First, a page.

Martin Nowak, a mathematical biologist, concludes The Evolution of Cooperation with the following winning strategy:
What I find very interesting in these games of conditional reciprocity, direct and indirect reciprocity, we can make the point that winning strategies have the following three properties: they must be generous, hopeful and forgiving.
Generous in the following sense: if I have a new interaction, now I realize (and this is I think where most people go wrong) that this is not a game where it’s either the other person or me who is winning. Most of our interactions are not like a tennis game in the US Open where one person loses and one person goes to the next round. Most of our interactions are more like let us share the pie and I’m happy to get 49 percent, but the pie is not destroyed. I’m willing to make a deal, and sometimes I accept less than 50 percent. The worst outcome would be to have no deal at all. So in that sense, generous means I never try to get more than the other person. Tit-for-tat never wins in any single encounter; neither does Generous Tit-for-tat.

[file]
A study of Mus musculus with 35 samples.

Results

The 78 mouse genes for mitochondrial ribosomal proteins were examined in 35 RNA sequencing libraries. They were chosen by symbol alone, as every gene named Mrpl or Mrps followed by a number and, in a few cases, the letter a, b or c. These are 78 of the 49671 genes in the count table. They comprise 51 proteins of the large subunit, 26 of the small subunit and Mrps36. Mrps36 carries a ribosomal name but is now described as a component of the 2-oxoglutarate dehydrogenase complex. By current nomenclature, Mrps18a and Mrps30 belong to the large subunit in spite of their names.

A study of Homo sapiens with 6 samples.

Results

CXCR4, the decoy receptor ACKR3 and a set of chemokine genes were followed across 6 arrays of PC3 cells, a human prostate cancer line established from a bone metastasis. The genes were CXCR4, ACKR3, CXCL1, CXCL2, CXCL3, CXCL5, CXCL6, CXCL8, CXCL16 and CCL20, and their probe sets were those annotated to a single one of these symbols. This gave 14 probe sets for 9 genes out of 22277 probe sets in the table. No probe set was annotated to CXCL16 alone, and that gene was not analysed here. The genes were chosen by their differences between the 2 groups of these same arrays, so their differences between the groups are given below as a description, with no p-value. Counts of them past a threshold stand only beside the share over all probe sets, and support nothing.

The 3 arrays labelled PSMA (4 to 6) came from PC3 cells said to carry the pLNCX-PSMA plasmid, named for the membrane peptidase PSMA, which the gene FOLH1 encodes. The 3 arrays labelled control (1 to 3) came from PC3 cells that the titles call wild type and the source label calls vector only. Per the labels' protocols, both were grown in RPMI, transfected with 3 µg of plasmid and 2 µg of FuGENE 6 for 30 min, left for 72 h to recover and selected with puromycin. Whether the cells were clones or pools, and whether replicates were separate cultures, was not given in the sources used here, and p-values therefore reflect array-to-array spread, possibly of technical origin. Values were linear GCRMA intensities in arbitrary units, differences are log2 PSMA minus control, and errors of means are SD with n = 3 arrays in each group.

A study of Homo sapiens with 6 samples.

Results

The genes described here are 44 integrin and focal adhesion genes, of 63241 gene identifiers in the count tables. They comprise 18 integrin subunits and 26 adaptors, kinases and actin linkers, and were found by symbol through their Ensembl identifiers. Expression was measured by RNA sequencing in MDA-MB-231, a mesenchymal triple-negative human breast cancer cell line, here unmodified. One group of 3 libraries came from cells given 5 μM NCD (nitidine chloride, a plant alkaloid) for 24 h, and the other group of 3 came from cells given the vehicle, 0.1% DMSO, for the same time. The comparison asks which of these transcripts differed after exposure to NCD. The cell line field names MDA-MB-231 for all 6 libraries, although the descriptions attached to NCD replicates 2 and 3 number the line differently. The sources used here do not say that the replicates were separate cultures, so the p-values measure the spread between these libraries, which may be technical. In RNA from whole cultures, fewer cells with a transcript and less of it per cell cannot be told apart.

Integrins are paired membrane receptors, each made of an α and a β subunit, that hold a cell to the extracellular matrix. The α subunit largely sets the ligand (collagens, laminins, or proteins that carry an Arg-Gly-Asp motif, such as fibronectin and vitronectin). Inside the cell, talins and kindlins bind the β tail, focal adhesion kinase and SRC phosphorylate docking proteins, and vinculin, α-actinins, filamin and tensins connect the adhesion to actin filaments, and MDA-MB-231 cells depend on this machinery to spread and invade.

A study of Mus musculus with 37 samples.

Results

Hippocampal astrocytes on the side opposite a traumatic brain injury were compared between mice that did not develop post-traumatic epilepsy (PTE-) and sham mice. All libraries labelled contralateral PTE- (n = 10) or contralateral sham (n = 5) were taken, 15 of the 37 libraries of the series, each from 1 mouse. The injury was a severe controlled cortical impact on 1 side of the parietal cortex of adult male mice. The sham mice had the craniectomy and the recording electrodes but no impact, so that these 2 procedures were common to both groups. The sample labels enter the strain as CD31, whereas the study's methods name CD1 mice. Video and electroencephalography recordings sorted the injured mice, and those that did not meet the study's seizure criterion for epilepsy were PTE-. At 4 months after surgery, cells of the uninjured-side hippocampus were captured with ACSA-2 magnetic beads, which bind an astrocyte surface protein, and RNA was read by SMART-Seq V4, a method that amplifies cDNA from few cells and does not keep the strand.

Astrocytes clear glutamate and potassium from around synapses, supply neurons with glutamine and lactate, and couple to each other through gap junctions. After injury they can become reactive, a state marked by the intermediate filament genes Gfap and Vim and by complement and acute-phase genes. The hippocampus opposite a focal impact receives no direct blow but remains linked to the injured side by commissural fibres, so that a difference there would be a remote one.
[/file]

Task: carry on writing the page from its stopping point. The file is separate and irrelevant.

Hopeful is that if there is a new person coming, I start with cooperation. My first move has to be cooperation. If a strategy starts with defection, it’s not a winning strategy.
And forgiving, in the sense that if the other person makes a mistake, there must be a mechanism to get over this and to reestablish cooperation.
This strategy aligns with my thoughts on how cooperation differs from collaboration. To be generous, hopeful, and forgiving will in the long run make for stronger networks and communities. It works in nature, as Nowak shows.